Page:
October 6, 2011
public splendour – why fashion needs an audience
While in Paris, I wondered… why Paris? What is it about this place that makes the aesthetics of bodily adornment so important, so much more important than anywhere else? Why is Paris the authority and historical source of Western fashion? The very obvious answer, is that Paris is a city of public display. The streets, the cafes, the parks, are all set up in the manner of stage and audience. The apartments of ordinary people, like in London, are too small to get too comfortable in for too long – and the public spaces are so elaborate and beautiful it feels almost obligatory to dress to match. It makes sense that if you live in Paris, your disposable spend won’t go towards your car or interior decorating, as much as it will towards clothing. Where the money flows, fashion follows. As a way to broadcast your wealth, taste or both, it just makes the most sense to wear it out.
A long time ago, I wondered why cities like Toronto weren’t major fashion players, and now that I’ve been away for a while it seems much more obvious. Weather and car culture makes Toronto a city of interiors. It is quite possible to spend days on end without being seen by anyone other than the people you live with, and as such, expressive clothing doesn’t seem so important. The disposable spend tends to go elsewhere – towards vehicles or feathering the home. John Kenneth Galbraith‘s notion of “private affluence and public squalor” is very applicable to fashion.
Clothing alone is not fashion. At fundamental object-ness, clothing is just fabric that covers bodies. What turns clothing into fashion is an audience. The innate desire to impress that audience is what creates the hierarchy of fashion.
In a dress-to-impress system, the hierarchy of fashion reflects the hierarchy of power. This is why fashion – and all contemporary notions of beauty – evoke the idealized image of whoever holds the most power and the most money. Now, it is usually tall and blonde. Maybe in the future, it will be short and far-Eastern, and all the ladies who dye their hair blonde now will dye it black instead, and wear flat shoes to appear shorter.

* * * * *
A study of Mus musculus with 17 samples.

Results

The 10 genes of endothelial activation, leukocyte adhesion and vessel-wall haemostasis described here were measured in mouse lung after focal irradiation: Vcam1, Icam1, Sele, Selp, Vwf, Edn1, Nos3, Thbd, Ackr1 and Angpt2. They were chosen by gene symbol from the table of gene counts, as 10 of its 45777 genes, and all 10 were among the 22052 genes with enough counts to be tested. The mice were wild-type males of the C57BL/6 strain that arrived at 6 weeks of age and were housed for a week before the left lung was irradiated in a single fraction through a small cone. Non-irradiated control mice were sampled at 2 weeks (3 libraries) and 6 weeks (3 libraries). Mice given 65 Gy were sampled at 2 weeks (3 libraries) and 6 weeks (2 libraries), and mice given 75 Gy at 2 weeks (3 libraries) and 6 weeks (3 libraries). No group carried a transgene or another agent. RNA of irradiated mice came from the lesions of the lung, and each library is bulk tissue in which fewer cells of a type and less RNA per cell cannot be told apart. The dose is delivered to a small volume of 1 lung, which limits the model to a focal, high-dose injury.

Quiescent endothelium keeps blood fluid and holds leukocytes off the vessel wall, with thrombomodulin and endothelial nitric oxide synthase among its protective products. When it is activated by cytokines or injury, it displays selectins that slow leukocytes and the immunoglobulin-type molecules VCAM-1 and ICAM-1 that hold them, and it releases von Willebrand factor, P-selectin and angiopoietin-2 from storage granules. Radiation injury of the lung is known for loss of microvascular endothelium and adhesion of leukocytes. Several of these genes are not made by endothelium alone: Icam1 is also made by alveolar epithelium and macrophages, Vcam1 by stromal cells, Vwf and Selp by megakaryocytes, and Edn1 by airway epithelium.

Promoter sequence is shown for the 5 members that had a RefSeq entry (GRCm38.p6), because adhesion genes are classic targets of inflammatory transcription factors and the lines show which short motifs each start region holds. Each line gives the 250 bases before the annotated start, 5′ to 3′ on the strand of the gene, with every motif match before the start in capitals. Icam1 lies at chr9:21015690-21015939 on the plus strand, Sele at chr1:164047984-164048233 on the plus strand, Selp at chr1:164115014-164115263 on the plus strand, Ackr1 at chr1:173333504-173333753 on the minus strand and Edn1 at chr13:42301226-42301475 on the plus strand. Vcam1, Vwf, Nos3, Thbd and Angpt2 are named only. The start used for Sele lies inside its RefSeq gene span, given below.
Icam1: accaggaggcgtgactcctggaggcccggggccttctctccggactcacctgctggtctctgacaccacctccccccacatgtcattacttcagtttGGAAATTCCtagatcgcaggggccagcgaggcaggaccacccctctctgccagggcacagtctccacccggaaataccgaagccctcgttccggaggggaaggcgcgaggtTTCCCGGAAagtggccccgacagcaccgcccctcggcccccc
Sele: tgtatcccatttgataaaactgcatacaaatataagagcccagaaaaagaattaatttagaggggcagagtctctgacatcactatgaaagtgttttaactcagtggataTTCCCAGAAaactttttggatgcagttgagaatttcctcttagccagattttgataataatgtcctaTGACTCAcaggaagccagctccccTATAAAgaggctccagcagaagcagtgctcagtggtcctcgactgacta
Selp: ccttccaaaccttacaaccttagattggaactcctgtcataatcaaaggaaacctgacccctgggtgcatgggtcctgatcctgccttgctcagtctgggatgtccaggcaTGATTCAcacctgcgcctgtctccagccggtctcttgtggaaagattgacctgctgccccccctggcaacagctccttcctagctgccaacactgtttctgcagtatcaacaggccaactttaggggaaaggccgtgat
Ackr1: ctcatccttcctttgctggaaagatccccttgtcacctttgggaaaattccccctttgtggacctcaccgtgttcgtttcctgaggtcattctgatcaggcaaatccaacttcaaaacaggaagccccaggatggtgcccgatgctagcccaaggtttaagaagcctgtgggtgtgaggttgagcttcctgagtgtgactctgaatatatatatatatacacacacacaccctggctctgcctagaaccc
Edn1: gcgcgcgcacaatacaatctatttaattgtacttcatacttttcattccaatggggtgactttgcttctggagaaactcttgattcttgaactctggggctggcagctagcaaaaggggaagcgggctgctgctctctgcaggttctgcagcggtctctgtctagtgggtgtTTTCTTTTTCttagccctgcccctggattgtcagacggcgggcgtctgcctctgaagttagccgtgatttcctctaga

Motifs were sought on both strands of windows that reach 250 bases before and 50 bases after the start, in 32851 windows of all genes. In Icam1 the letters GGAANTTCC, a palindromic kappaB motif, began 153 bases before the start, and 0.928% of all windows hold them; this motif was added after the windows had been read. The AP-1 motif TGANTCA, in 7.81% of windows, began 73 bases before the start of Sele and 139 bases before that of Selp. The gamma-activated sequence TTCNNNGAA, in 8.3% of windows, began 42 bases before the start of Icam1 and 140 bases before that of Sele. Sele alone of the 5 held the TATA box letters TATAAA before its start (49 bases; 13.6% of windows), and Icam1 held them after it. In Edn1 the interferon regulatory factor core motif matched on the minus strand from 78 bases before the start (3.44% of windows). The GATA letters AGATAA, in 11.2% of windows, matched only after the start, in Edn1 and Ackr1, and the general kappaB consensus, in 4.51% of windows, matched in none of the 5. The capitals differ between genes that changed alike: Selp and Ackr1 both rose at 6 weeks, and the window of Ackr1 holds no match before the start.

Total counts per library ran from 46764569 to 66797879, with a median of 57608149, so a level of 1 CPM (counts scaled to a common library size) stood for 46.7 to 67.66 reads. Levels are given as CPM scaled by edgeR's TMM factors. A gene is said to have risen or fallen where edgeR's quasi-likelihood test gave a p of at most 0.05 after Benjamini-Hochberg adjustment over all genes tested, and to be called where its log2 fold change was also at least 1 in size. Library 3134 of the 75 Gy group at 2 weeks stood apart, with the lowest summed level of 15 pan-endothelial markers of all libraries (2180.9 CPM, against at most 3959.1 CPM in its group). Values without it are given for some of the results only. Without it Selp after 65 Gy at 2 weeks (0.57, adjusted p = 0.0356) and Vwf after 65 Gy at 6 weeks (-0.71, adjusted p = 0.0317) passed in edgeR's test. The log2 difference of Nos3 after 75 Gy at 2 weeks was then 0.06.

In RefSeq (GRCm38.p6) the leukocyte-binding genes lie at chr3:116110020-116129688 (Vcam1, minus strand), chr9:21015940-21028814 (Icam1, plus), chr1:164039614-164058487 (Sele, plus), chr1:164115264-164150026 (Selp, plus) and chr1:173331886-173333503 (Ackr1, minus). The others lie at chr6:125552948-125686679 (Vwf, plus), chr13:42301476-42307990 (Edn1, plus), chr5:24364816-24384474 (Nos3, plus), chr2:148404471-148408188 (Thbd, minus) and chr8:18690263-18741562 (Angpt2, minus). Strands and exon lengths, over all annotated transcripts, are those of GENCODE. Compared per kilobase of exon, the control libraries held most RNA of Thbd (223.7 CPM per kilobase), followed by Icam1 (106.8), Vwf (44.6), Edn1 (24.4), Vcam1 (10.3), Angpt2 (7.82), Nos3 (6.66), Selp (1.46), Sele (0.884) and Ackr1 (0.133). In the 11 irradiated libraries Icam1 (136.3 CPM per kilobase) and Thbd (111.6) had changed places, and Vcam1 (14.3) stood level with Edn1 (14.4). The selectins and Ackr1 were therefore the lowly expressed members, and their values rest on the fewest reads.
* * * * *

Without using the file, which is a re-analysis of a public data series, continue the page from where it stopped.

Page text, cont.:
While the daily lives of people in most of North America and outside of very dense cities limits the opportunity for daily public display in a way that inhibits fashion, that might not matter so much anymore. The idea of fashion capitals might someday be an archaic notion, because the new version of being seen in public is of course, the internet. Modern media means that performing personal aesthetics is turning into a vastly different system – and the nascent effects on fashion are already quite exciting. This means that vivid and creatively dressed people in more remote places – like many fashion bloggers – have discovered a new, peripheral entry point into the world of fashion.
What will the transition from cafes and promenades at the source of all fashion, to search engines and outfit posts spread across the planet bring aesthetically? It has never been more crucial for clothing to be camera-friendly, and the context of where an outfit is worn has never been less important. This suggests that the future of fashion holds the possibility for a very broad aesthetic range, limited only by the uneven distribution of wealth.